In popular depictions of ancient Greece, the mythical Amazons loom large. A tribe of independent, fierce and powerful warriors, their legend is inspired by real nomadic women who lived in the Eurasian Steppe – and it’s very revealing about the roles women played in Greek society. For the ancients, these strong women represented a threat to the patriarchal order, and most versions of the myth see them tricked and overcome by the hero Herakles, the ultimate symbol of masculine strength.
For the ancient Greek ideal, you might instead look to Penelope, the wife of Odysseus in Homer's Odyssey. Beset by more than a hundred suitors, she remains calm, dedicated to her domestic duties, and, most importantly by the standard of the day, loyal to her husband.
When considering the lives of ancient Greek women, though, it’s important, says classicist Paul Cartledge, to distinguish between different Greek city-states. While many sources of the period come from Athens, we cannot assume that women’s role in Athenian society was representative of the lives of women across the rest of Greece. The lives of Spartan women would have been very different from their Athenian sisters.
Here, we take a closer look at the different elements of women’s lives in ancient Greece...
Motherhood and the home
The lives of ancient Greek women were largely confined to the home. Men would serve the polis – state – while the domain of women was the oikos – the household. The women's quarters of a house, the gynaikon, were located on the upper floors, and wives were expected to bear and raise children and undertake domestic duties. Marriage itself would usually take place when a kore (maiden) was between 13 and 15 years old; only after the birth of her first child would she technically become a gyne (woman).
In ancient Greek society, the reputation of women was in all cases to be preserved. Athenian historian Thucydides, writing in the fifth century BC, famously asserted of women: “The greatest glory is to be least talked about among men, whether in praise or blame.” This meant that many wealthy Athenian women were supervised and chaperoned by male relatives when outside, and in some cases not allowed to leave the house at all.
For Spartan women, however, life was different from their Athenian counterparts. They rarely married before the age of 20, while motherhood gave them enhanced status; raising future warriors was considered one of the most important roles in Spartan society. Women in Sparta (and in Delphi, Gortyn, Thessaly and Megara) could also own land, and because of military campaigns that took men away for long periods of time, they often had control of their own homes.
Though life for Athenian women held many restrictions, religion provided a viable career path for those hailing from aristocratic backgrounds. In fact, the most senior religious office of the state – high priestess of the Athena Polias – was a female role. This, and other similar positions within Athens’ religious cults, would have afforded the officeholders a certain degree of public influence, and in some cases, payment and property.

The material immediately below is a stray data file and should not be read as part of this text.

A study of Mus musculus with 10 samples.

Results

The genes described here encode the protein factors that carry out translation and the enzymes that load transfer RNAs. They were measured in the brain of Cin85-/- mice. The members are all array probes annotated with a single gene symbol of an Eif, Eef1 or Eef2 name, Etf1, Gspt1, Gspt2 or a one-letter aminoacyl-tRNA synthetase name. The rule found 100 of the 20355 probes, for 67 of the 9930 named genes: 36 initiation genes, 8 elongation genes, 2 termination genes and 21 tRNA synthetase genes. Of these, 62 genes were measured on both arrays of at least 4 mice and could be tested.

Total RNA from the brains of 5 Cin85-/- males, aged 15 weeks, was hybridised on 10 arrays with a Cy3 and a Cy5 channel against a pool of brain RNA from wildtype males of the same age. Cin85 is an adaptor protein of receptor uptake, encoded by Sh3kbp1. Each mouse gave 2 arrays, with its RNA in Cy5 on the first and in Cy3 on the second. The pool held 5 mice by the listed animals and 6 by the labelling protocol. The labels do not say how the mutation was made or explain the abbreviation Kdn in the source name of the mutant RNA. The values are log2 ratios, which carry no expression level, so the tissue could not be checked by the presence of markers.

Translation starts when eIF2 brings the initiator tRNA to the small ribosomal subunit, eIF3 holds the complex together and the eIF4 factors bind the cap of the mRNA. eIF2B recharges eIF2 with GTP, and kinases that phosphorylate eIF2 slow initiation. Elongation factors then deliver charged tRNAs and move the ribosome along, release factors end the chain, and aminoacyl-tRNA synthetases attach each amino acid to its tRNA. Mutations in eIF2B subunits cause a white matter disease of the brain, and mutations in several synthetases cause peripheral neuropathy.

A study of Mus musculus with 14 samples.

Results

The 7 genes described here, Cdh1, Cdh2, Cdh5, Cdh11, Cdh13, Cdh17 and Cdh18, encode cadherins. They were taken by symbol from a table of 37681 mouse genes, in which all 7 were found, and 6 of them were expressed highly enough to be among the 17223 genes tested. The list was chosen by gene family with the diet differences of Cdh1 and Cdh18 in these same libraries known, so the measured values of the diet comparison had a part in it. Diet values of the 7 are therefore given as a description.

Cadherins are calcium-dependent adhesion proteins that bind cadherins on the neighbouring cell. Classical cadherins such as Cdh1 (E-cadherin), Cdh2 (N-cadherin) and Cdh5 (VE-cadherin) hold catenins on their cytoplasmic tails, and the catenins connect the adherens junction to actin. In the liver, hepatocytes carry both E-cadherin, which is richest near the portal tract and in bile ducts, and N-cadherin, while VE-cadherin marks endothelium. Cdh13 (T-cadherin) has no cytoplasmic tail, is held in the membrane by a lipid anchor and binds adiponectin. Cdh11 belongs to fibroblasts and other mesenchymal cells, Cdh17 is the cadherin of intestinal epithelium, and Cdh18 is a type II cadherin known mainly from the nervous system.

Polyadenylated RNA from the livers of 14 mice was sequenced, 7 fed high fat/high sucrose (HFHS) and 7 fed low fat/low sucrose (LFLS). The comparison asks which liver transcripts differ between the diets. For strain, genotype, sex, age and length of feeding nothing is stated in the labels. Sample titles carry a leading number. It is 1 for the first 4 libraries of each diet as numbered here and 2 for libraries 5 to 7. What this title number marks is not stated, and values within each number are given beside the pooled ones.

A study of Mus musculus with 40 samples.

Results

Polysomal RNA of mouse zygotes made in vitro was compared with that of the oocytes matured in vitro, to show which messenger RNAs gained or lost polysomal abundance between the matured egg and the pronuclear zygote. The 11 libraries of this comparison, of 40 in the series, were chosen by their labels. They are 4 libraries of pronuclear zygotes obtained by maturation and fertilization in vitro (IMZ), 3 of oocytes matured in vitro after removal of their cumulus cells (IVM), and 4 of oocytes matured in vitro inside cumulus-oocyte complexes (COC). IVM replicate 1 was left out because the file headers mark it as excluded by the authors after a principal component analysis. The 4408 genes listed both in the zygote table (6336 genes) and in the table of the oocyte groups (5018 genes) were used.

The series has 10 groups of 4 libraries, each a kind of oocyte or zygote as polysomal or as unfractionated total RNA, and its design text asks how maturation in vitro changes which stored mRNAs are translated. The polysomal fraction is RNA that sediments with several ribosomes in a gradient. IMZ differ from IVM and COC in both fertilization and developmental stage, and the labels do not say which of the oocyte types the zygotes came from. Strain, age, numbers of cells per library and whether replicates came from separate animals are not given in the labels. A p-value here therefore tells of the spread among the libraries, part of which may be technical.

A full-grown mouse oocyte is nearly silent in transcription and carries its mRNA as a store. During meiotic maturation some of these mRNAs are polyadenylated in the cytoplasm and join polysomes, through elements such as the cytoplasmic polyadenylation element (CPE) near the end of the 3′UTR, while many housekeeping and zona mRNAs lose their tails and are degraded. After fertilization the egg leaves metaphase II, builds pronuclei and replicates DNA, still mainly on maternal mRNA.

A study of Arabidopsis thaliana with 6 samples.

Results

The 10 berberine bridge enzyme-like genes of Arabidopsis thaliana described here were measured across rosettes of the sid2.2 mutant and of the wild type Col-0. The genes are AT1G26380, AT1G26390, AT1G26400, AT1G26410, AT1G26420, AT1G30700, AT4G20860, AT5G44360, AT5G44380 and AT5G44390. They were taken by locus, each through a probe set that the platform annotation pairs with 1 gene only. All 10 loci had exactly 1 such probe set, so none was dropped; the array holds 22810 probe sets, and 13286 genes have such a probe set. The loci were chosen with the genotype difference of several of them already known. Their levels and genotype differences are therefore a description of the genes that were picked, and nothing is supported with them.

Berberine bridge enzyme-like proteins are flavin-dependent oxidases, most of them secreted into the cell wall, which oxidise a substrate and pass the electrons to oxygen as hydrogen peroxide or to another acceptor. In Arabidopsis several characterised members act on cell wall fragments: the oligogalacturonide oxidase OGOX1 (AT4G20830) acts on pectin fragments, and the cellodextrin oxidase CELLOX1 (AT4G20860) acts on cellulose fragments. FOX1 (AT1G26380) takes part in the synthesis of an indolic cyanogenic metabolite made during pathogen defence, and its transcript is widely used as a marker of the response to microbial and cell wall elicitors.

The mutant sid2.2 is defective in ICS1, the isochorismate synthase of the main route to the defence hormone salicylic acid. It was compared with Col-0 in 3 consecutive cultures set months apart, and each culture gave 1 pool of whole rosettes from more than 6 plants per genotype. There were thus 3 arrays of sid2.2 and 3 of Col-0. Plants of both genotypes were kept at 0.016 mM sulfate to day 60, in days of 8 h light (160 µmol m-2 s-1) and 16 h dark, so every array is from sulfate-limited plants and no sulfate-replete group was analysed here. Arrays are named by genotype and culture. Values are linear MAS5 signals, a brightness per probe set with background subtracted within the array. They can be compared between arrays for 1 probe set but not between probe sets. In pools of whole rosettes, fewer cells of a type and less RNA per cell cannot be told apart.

Meanwhile, pornai (from which we get the modern word 'pornography') would have spent their time working in a brothel and were expected to serve all levels of the city's men, from the elite to members of the lower classes.
Education and politics
Much like their greater freedoms as mothers and within the domestic sphere, Spartan women also had better access to education than their counterparts in other Greek city-states. While their early education would have taken place at home rather than in a school, women were seen as a key part of Spartan society and allowed to make business transactions.
One famous example of the greater opportunities available to Spartan women (albeit noble women) concerns the fifth-century BC Spartan queen, Gorgo. The only known child of Cleomenes I, king of Sparta, Gorgo (who later married King Leonidas I) was schooled in literature, culture and physical education – the latter of which included wrestling and combat skills. Indeed, Gorgo was noted by fifth-century BC Greek historian Herodotus as a woman of great wisdom; she advised her father on military matters, and is sometimes credited as being one of history’s first cryptanalysts.
And while Athens is lauded as the birthplace of democracy, Athenian women were never true ‘adults’ in the eyes of the law. This inequality had long echoes into the 20th century; women in modern Greece didn’t have the unconditional opportunity to vote until 1952.
Arts and culture
While women were generally excluded from the arts, one of ancient Greece’s most celebrated poets was a woman named Sappho. Born in either Eressos or Mytilene on the island of Lesbos, likely to a wealthy family (given that she could read and write), Sappho’s lyrics and poetry were remarkable for their candid depictions of passion and sexuality – particularly between women. The seventh-century BC poet was even dubbed by Plato as the “Tenth Muse”, and honoured on ancient coins.
It’s also possible to find evidence of women artists, such as Kora, who was from Sicyon and active around 650 BC. Along with her artist father, Dibutades, she is credited with the invention of relief modelling. According to a popular tale, Kora fell in love with one of her father’s apprentices, and traced the outline of his face in charcoal on a wall. Dibutades later filled the outline in clay, creating the first relief.
Another example of a woman who broke the mould was the fifth-century BC artist Timarete, who, according to the Roman author Pliny the Elder, “scorned the duties of women and practised her father’s art”.